Cashflow

“Cash is king” as they say, so it’s incredibly important to ensure your business has a healthy cashflow to stay afloat. There’s nothing worse than the stress of not knowing how you’re going to pay your suppliers or whether your business is going to stay afloat. There are a number of steps you can take to ensure you have a healthy cashflow for your small business.

Here are our top 10.

  1. Organise your billing cycle.

Don’t wait until the end of the month to send out your invoices. Instead, ensure your invoices go out as soon as your product or service is delivered. Plus, make sure it’s clear on your invoice when the payment is due and what payment methods are acceptable.

  1. Make it easy for customers to pay you.

Consider setting up an online payment portal using Paypal or Eway. There are also a number of apps which enable you to make your phone or tablet into a mobile EFTPoS machine. Including your bank account details on your invoices will ensure that customers can easily make payments directly into your account.

  1. Offer incentives for people to pay early.

A small discount to customers who pay their invoices promptly will pay for itself in improved cashflow for your small business. There are a number of apps available that can help with this and which integrate with your accounting software.

  1. Stretch out your payables to the maximum.

Consider payment terms to be like interest-free credit from your supplier and hold out payment for as long as possible. You might also try to negotiate special terms with your vendors.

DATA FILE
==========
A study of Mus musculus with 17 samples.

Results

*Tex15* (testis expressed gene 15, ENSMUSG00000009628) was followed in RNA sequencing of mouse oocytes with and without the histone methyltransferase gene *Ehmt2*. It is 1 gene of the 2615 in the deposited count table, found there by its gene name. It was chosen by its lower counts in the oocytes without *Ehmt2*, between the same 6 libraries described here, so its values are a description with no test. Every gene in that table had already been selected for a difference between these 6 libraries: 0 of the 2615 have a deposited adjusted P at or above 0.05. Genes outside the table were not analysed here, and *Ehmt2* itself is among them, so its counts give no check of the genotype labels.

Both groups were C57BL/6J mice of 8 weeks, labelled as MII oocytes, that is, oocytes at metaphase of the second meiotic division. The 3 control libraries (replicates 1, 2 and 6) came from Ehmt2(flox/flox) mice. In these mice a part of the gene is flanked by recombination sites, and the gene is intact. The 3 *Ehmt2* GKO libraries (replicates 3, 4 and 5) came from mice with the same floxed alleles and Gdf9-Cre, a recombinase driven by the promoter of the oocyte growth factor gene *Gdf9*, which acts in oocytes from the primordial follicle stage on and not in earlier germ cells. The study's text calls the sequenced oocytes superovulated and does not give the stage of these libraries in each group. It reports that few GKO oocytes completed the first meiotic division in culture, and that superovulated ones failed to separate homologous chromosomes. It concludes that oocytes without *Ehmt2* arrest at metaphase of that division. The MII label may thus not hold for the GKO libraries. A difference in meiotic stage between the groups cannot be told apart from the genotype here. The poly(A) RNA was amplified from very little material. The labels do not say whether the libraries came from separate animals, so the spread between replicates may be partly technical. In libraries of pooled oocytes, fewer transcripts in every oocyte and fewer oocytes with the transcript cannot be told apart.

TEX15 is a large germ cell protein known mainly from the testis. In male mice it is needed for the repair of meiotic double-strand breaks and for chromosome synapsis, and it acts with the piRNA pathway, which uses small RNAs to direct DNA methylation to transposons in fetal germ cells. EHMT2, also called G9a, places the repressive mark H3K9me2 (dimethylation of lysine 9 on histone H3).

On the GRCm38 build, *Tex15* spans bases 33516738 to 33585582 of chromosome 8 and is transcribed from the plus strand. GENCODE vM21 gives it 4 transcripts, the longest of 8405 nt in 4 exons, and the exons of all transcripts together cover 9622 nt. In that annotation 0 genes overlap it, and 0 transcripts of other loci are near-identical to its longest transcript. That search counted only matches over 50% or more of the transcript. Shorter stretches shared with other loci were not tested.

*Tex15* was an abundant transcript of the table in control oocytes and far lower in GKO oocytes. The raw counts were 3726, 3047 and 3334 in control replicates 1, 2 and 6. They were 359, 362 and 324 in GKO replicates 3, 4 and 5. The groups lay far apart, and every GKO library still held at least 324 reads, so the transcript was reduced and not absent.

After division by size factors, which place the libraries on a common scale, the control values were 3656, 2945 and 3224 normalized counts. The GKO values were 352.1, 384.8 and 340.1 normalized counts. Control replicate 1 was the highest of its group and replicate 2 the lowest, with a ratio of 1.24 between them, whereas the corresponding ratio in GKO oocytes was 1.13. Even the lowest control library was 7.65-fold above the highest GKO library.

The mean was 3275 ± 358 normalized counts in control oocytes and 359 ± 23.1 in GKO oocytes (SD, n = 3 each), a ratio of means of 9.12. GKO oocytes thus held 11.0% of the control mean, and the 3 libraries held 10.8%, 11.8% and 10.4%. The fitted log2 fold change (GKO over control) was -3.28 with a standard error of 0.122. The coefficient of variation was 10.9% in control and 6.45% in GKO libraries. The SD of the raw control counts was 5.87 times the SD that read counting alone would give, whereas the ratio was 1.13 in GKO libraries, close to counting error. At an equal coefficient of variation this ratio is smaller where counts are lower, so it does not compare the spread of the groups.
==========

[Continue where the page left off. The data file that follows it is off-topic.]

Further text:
1. For larger projects or expensive goods, consider asking for deposits and/or progress payments.

Asking for a deposit may help cover initial costs. If a job is going to take some time, progress payments may help your cashflow while the smaller amounts may ensure customers pay on time.

  1. Make sure you understand all of your costs and price your products or services accordingly.

Have a good look at both your gross and net margins and make sure your prices have kept up with any increases in the costs of inputs.

  1. Control your inventory.

Having excess stock can tie up significant amounts of cash. Regularly monitor to ensure your inventory levels are within industry norms and periodically check for old or out of date stock which can be sold for a reduced price. Defer any new purchases until inventory levels are back to normal.

  1. Have a system for automatic reminders and follow-ups.

Most accounting systems allow you to set up automatic reminders and follow-up emails to customers to ensure you’re staying on top of invoices due. Debtor Daddy and Chaser are 2 great Xero add-ons which have easy to use debtor management tools including automatic reminder scheduling. Let us know if you need any help with setting this up.

  1. Invest in your business.

Streamline processes to increase efficiencies and reduce costs. Consider automating as many of your business processes as possible to save on employee costs.

  1. Get expert help.

Do you have a debtors’ reduction strategy in place? Consider hiring the services of an accountant or bookkeeper to get expert advice on how to develop a cashflow plan and ensure an overall improvement in the debtors’ management system.

 

With 90% of small business failures due to cashflow problems, ensuring you have enough cash coming in while making sure you don’t have too much going out is vital for the success of your business. By following these tips you can minimise the chances of your small business becoming another statistic.